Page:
By Tracey Duguay middle The War Pensioners of Canada present a cheque for $1000 to the Sudbury Regional Palliative Care Association.
What more important service can an organization provide than to ease the suffering, and celebrate the life, of someone who is terminally ill?

Since 1986, the Sudbury Regional Palliative Care Association (SRPCA), has been providing free physical, emotional and spiritual support to individuals facing the end of their life. On average, they assist about 300 individuals and their families every year.

According to SRPCA director Maryann Lepage, before a client contacts them or is referred to their organization, a few basic guidelines are followed.

?They (client) must have a diagnosis of being terminally ill and a prognosis of less than one year (to live),? Lepage said.

The palliative care services aren?t offered in isolation, but are usually part of a larger inter-disciplinary team. The ?team? consists of clients and their families, physicians, other health care professionals, and the palliative care staff and volunteers.

Lepage, who took over the role of director at the SRPCA from Peggy Fera on April 15, finds her work very fulfilling as she believes palliative care is a very important component of a person?s life.

?We tend to celebrate birth but not life in general,? Lepage said. ?They (clients) have the right to live until they die and should be able to live life to its fullest.?

Aside from the clients and their families, Lepage said there are a couple of other reasons she enjoys working at the SRPCA.

The first reason is the volunteers who she refers to as the ?quiet angels.?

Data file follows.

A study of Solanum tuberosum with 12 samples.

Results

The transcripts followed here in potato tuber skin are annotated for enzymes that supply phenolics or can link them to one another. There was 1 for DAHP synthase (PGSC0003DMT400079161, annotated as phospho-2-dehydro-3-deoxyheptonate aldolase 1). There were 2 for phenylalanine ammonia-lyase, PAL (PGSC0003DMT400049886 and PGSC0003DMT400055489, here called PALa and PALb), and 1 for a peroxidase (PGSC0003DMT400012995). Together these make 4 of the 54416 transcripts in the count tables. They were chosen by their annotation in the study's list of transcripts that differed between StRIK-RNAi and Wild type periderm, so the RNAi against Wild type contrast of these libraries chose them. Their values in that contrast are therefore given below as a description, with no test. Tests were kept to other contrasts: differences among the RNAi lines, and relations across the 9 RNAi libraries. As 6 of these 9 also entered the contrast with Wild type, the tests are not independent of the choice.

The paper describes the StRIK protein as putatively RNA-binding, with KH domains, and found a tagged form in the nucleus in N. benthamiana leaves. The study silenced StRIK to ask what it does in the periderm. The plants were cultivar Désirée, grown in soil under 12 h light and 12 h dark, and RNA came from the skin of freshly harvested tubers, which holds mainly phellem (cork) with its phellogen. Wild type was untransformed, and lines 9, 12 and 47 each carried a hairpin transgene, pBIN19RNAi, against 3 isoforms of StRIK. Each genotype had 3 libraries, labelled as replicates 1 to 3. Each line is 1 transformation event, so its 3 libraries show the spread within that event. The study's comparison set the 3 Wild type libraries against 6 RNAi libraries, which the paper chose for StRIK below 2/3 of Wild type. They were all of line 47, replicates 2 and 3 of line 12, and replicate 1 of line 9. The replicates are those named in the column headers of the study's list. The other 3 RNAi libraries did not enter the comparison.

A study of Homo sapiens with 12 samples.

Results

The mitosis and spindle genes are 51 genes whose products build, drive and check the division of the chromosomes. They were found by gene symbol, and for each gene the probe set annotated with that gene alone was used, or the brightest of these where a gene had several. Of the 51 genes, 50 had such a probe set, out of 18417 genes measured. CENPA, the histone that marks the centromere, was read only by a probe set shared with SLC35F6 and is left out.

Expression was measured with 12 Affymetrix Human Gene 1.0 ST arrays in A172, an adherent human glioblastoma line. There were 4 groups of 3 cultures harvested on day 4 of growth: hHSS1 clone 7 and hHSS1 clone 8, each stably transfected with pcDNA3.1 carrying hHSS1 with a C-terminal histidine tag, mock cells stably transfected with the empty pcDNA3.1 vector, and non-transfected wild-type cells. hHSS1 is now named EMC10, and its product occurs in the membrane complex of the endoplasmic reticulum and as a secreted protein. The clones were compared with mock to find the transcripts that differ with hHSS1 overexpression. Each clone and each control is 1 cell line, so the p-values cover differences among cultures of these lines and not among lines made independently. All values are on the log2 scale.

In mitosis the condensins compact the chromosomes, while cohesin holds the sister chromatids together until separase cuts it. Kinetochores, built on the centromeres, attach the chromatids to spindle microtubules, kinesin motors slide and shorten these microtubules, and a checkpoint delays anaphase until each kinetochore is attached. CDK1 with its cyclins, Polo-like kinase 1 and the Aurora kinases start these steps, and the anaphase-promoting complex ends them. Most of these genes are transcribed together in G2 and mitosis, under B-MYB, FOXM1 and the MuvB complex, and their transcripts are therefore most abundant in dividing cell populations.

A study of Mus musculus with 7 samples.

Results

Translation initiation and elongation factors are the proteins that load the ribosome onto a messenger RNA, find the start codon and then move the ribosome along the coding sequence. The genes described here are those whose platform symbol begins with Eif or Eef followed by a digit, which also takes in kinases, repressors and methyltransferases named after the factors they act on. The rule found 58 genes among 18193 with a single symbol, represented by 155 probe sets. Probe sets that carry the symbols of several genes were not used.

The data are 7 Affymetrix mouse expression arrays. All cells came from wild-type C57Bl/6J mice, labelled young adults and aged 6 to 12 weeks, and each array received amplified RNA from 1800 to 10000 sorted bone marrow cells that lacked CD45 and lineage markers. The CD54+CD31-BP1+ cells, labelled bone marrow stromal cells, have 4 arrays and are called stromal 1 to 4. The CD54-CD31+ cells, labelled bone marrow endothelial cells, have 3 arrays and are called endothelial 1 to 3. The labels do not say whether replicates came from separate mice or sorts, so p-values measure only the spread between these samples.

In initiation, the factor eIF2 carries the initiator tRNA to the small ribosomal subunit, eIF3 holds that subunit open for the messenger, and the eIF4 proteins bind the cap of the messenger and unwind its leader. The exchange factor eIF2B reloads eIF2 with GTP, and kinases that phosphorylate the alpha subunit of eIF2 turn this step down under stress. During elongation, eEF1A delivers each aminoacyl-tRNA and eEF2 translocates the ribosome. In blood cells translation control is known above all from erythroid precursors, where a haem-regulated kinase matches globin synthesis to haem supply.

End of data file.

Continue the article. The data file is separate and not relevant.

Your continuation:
?They are very special individuals to give of themselves and to be with clients, their family and loved ones when facing this challenging time in their life,? Lepage explained.

Being good listeners, compassionate, non-judgmental, caring and supportive are just a few of the characteristics Lepage believes are important in a volunteer.

All volunteers go through a screening process and must attend an intense 30-hour training workshop before they can start working with clients. The workshop provides instruction on palliative care philosophy, communication, stress management and bereavement.

Lepage explains finding enough volunteers can be difficult since there is a ?misconception? about working with a palliative care individual.

?People think it?s a wonderful program but often say to themselves ?I can?t do it,?? Lepage said.

The other reason Lepage enjoys her work is the staff, who she calls a ?special bunch? because the work they perform can be very ?emotional and trying? at times.

The SRPCA staff work hard at not only serving the needs of their clients and families, but also at securing enough funds to provide their services.

As a charitable, non-profit organization, they rely on donations and fundraising programs to subsidize their operating and community education costs.

Last month, the War Pensioners of Canada (WPC) donated $1,000 to the SRPCA in honour of their outgoing president, Fred Vincent, who is a strong supporter of the association.

To celebrate its 15-year anniversary, the SRPCA just launched a major fundraising campaign. The first event of the ?Caring Moments/Brins D?Amour? campaign was held last Thursday (May 9) at the Sudbury Theatre Centre.

Lepage said the event was a "huge success" and they raised $11,000.

To find out more information about the SRPCA, call (705) 677-0077 or visit their website at www.palliativecare.ca.